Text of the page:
In episode 17 of the podcast, David Andrew Wiebe interviews the manager of The House Coffee & Sanctuary, Derrick Mitchell. In addition to the valuable insights from a music venue manager, this episode also features a resource tip, and a look at information overload.
- UPCOMING SHOWS: November 6 Guitar Church Workshop @ Christian Life Assembly, November 12 @ Blind Beggar with Adrenalize, November 19 @ Trinity Mennonite Church with Daniel Guy Martin, November 27 Guitar Church Workshop @ Christian Life Assembly, December 4 Guitar Church Workshop @ Christian Life Assembly, December 17 @ The House Coffee & Sanctuary with Daniel Guy Martin.
- GUEST INTERVIEW: Derrick Mitchell, Manager of The House Coffee & Sanctuary
Inside Home Recording Podcast.
Over the last couple of years I’ve come to realize that there are a lot of great resources out there for musicians, engineers, producers, and home recordists, many of which are completely free. I’ve been thinking that I would like to share these resources with you on the show. I’ve personally listened to or read all of the resources recommended in this segment.
Today’s resource is the Inside Home Recording Podcast. This podcast is especially useful to home recordists and enthusiasts, but I believe there is something here for musicians and artists as well.
The podcast – as the name suggests – covers the world of home recording. Not only is it quite entertaining, it’s also educational. The podcast features ear training segments, 101 sessions on MIDI, gear reviews, interviews with a variety of engineers and musicians, and much more.
Like me, even if you don’t totally understand everything to do with studio recording, there’s a lot that can be learned by osmosis. This has generally been my experience with home recording. Because I have been around it for such a long time, I’ve picked up a lot of things that I wouldn’t otherwise know.
As of November 2010, they have 83 episodes so there’s a lot of information you can delve into – even if the earliest episodes harken back to 2005. Some things in the recording world haven’t changed a whole lot, and a lot of what they talked about 5 years ago still pertains to recording today.
David discusses information overload.
And I’m back with the closing segment. I certainly hope you enjoyed this episode. I think it took a lot longer to edit than any previous episode, but I think it’s well worth the effort.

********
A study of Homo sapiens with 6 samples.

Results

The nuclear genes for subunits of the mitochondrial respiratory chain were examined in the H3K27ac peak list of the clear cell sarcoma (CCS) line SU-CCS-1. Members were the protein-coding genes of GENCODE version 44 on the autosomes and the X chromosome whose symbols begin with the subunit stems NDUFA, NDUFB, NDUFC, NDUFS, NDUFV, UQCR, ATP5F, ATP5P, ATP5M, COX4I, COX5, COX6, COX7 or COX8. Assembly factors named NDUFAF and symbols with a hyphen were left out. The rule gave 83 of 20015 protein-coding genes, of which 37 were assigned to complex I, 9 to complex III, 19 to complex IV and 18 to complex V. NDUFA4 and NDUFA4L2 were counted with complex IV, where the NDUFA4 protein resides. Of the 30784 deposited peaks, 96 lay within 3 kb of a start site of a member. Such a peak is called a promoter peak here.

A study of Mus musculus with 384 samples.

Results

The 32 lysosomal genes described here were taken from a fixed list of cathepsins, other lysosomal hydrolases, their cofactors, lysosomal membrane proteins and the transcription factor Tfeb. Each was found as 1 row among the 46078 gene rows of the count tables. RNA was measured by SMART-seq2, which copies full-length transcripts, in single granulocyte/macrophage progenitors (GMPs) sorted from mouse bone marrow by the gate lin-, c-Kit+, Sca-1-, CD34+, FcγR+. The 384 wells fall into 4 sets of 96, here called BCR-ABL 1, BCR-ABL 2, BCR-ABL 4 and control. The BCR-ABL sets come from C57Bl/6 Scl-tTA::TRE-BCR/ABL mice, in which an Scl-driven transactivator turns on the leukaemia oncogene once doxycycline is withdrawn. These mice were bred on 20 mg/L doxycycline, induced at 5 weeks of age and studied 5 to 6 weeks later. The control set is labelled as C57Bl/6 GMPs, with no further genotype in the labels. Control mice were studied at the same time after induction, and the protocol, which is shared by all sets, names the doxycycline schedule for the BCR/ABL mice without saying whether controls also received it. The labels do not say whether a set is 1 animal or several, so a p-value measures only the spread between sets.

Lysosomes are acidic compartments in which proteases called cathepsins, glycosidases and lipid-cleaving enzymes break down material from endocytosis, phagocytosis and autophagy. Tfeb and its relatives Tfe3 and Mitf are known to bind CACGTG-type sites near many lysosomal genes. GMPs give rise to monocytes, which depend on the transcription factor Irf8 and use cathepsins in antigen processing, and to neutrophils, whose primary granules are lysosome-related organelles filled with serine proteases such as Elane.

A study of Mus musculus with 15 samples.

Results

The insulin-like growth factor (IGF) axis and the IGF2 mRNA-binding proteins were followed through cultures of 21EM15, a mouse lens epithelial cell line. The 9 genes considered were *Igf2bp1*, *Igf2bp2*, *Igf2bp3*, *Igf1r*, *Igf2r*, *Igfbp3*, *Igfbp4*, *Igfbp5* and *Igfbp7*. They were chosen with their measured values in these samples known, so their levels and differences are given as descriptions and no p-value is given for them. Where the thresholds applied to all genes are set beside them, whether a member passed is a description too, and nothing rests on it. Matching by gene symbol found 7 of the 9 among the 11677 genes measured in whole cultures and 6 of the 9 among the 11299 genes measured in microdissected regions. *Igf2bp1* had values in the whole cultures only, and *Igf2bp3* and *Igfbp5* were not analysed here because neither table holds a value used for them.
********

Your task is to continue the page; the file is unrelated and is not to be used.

For today’s closing segment, I wanted to talk a little bit about information overload. If you’re anything like me, you really enjoy books, blogs, and podcasts. Unfortunately it can get a little out of hand if you buy every book with a curious title, or subscribe to every cool blog you come across.
At one point, I actually had something like 400 new podcast episodes that I hadn’t listened to in my subscription list. I had every intention of listening to all of them, but quickly realized how irrelevant many of those shows were, and I wasn’t about to gain any new insights from listening to them.
Ultimately, I decided to go on an information diet. I purged and eliminated several podcasts from my subscription list in order to avoid overload. When you think about the fact that most podcast episodes last anywhere from 5 minutes to an hour, that’s a lot of time that could be spent focusing on information that’s actually relevant to you and your current situation, rather than scattered and segmented information that you have no use for right now.
One strategy that has worked well for me is downloading individual episodes. You don’t have to subscribe to an entire podcast feed in order to hear one or two of its respective episodes. This enables you to hear discussions on topics you want to hear right now. For example, you could download every podcast episode that features a particular guest, like me, David Andrew Wiebe, or you could download every episode that discusses the dietary benefits of Kiwi. Or, you could pick and choose which episodes on the subject actually interest you.
I also went on a cleanse with my feed aggregator. I found that I was barely using my aggregator as is, so it made a lot of sense to unsubscribe from unwanted feeds. I’ve discovered that focus is important, so while it might make sense for me to subscribe to industry relevant news updates, it didn’t make much sense to subscribe to a bunch of Internet comedians who review video games and movies, as much I might enjoy that.
Now, if you don’t know what an aggregator is, let me explain. It’s basically a piece of software that aggregates or collects specific information to one place. Google Reader would be an example of a feed aggregator.
All of this might sound a little foreign to someone who hasn’t spent much time on the Internet, but most of us have a list of our favorite sites, so it’s a good idea to keep a perspective on what’s important rather than subscribing to everything in sight.
Well, that’s all for today. I look forward to your emails.
- MUSIC: “Digital Audio Workstation” (theme song), David Andrew Wiebe © 2010
- MUSIC: “Ecstatic”, David Andrew Wiebe © 2009
- BLUBRRY PROMO SPOT: Controlling Chaos Podcast.
David Andrew Wiebe has built an extensive career in songwriting, live performance, recording, session playing, production work, investing, and music instruction. In addition to helping musicians unlock their full potential, he also continues to maintain a touring schedule with multiple bands.